Attempted murderer released into Bundy: Victim speaks out
VIOLENT, without motive.
A pathological liar who appeared to have no remorse for his victims.
Described as "quite insane" during sentencing.
It was the case that shook the Hervey Bay community and now the man who launched a frenzied knife attack on his flatmates as they slept is free to roam the streets of Bundaberg after being released from prison on Tuesday.
Eric Roger Frederick Heuer stabbed his flatmates, Rodney Pettitt and Robin Drury, with a stainless steel kitchen knife while they slept at their unit on November 18, 2008.
Heuer spent 10 years and seven months of a 13-year jail term behind bars after pleading guilty to one count of attempted murder and one count of grievous bodily harm.
Despite almost dying after he was stabbed 11 times by Heuer, in an emotional post online this week, Mr Drury detailed how he refused to be the scared victim any more.
But he holds fears for anyone who comes into contact with Heuer in the future.
"So, it seems that it is time. After 10 years and seven months, Eric Heuer will be released from his sentence for my attempted murder this Tuesday, June 18, 2019," Mr Drury wrote.
"Don't feel bad for me. I no longer have a care in the world regarding him. He won't be moving back to Hervey Bay (he'll be in Bundaberg instead), so I won't be bumping into him down the street.
"Not that I'd be too worried about that anyway. I'm not the scared little victim that I was for quite a few years.
"I'm stronger than I've ever been. And if I found myself staring eye to eye with him ever again, this time I'd be awake and not half empty of blood.
"He'd be a smart man to go about living his life and not even dreaming about trying to hurt me again. Because that simply won't happen."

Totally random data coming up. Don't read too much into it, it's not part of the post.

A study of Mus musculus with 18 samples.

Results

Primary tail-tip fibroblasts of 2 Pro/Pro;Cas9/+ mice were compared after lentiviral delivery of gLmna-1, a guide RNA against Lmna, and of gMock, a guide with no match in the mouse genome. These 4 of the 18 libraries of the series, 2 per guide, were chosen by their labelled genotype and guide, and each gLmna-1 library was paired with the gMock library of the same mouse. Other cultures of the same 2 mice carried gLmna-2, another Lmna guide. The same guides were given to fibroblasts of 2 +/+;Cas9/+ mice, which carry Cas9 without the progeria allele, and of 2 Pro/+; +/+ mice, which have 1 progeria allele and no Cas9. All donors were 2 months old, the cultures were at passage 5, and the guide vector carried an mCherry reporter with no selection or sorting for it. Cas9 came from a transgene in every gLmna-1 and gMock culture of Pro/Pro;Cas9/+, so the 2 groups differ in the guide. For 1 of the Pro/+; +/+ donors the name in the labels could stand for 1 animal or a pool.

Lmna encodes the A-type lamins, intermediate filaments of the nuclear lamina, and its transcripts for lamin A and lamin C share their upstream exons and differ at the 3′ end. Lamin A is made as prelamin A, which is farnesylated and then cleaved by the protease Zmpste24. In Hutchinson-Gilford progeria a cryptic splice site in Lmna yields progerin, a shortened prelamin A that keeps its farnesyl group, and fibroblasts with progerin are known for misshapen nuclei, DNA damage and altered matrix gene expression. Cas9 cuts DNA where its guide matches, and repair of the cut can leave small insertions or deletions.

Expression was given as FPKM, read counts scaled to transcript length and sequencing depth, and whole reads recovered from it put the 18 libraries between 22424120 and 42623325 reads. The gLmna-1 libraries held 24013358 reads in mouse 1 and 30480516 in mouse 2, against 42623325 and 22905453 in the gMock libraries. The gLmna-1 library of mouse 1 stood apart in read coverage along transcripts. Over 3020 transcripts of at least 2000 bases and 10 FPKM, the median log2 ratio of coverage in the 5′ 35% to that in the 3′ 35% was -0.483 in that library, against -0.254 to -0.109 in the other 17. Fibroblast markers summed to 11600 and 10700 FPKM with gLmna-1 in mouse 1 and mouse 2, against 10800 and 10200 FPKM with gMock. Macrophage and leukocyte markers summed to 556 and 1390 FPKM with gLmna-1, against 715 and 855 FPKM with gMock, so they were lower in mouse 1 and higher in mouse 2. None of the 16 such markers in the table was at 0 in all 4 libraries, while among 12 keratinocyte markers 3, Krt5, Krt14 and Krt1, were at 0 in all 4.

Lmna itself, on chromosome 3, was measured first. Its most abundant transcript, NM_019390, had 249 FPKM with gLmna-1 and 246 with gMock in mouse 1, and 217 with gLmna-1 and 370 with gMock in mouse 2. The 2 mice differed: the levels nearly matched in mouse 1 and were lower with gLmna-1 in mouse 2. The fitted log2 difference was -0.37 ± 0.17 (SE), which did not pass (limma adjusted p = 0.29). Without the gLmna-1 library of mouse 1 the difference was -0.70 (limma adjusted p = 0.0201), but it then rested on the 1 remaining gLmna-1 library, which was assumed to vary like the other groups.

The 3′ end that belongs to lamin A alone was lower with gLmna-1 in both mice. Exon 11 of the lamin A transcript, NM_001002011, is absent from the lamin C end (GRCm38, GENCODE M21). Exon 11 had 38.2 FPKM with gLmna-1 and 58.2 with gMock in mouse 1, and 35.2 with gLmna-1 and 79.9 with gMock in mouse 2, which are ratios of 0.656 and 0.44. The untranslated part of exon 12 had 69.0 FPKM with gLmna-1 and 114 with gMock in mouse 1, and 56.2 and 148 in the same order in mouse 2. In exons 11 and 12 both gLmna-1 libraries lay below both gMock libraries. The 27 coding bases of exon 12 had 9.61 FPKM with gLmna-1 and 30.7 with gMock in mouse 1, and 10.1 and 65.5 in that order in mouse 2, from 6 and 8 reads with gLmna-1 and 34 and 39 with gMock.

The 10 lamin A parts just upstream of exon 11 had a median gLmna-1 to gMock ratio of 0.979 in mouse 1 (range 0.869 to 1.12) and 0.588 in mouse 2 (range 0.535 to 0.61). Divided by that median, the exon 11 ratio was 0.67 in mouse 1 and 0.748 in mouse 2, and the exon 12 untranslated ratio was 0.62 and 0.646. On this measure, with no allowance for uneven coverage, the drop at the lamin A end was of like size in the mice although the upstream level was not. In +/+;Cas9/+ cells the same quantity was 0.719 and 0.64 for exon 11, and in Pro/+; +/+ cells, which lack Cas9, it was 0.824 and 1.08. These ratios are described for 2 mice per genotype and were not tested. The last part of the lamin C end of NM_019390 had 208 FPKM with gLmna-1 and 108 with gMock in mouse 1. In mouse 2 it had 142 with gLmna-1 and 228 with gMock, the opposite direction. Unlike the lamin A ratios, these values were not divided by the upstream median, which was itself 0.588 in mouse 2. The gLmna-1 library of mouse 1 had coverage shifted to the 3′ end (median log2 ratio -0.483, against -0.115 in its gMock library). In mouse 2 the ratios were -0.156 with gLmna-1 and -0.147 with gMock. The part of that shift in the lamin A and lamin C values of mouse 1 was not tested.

The day after Drury and Pettitt were stabbed, police arrested Heuer, bare-chested and covered in blood with a rope around his neck at a Urangan beach.
For five years the matter dragged through the courts as Heuer underwent physiological testing, but eventually the Mental Health Court found he was not of unsound mind and declared him fit to face trial.
Then in 2013 Heuer pleaded guilty and in June 2014, after hearing two days of, at times conflicting, evidence from psychiatrists during the contested sentencing, Justice Jean Dalton said she could not conclude Heuer was suffering from a psychotic episode when he attacked his then friends.
That was despite forensic psychiatrist Peter Fama telling Brisbane Supreme Court that Heuer had an acute onset and acute remission of psychosis.
He said it did not matter if the psychosis was transient, Heuer still had "a disease of the mind".
"He is, I believe, quite insane," he said.
During sentencing Heuer was declared a serious violent offender, which meant he had to serve at least 80 per cent of his jail term.
Justice Dalton said Heuer, a pathological liar, did not seem to have expressed any remorse for his actions.
Yesterday the NewsMail asked Queensland Corrective Services if they could provide an assurance that the community would be protected from Heuer.
A spokesperson for the department citied privacy provisions and said it did not discuss the individual management of prisoners or comment on individuals under its supervision.
Member for Bundaberg David Batt said as a former police officer he believed it was important that sentences always met community expectations and that offenders were always held to account.
"The LNP is known to be tough on crime and I am proud to represent a party that puts the safety of victims and their communities first," he said.
"When an offender is released after serving their sentence, it's always going to be a difficult time for victims and their families and I will always encourage them to reach out and access the support available to them."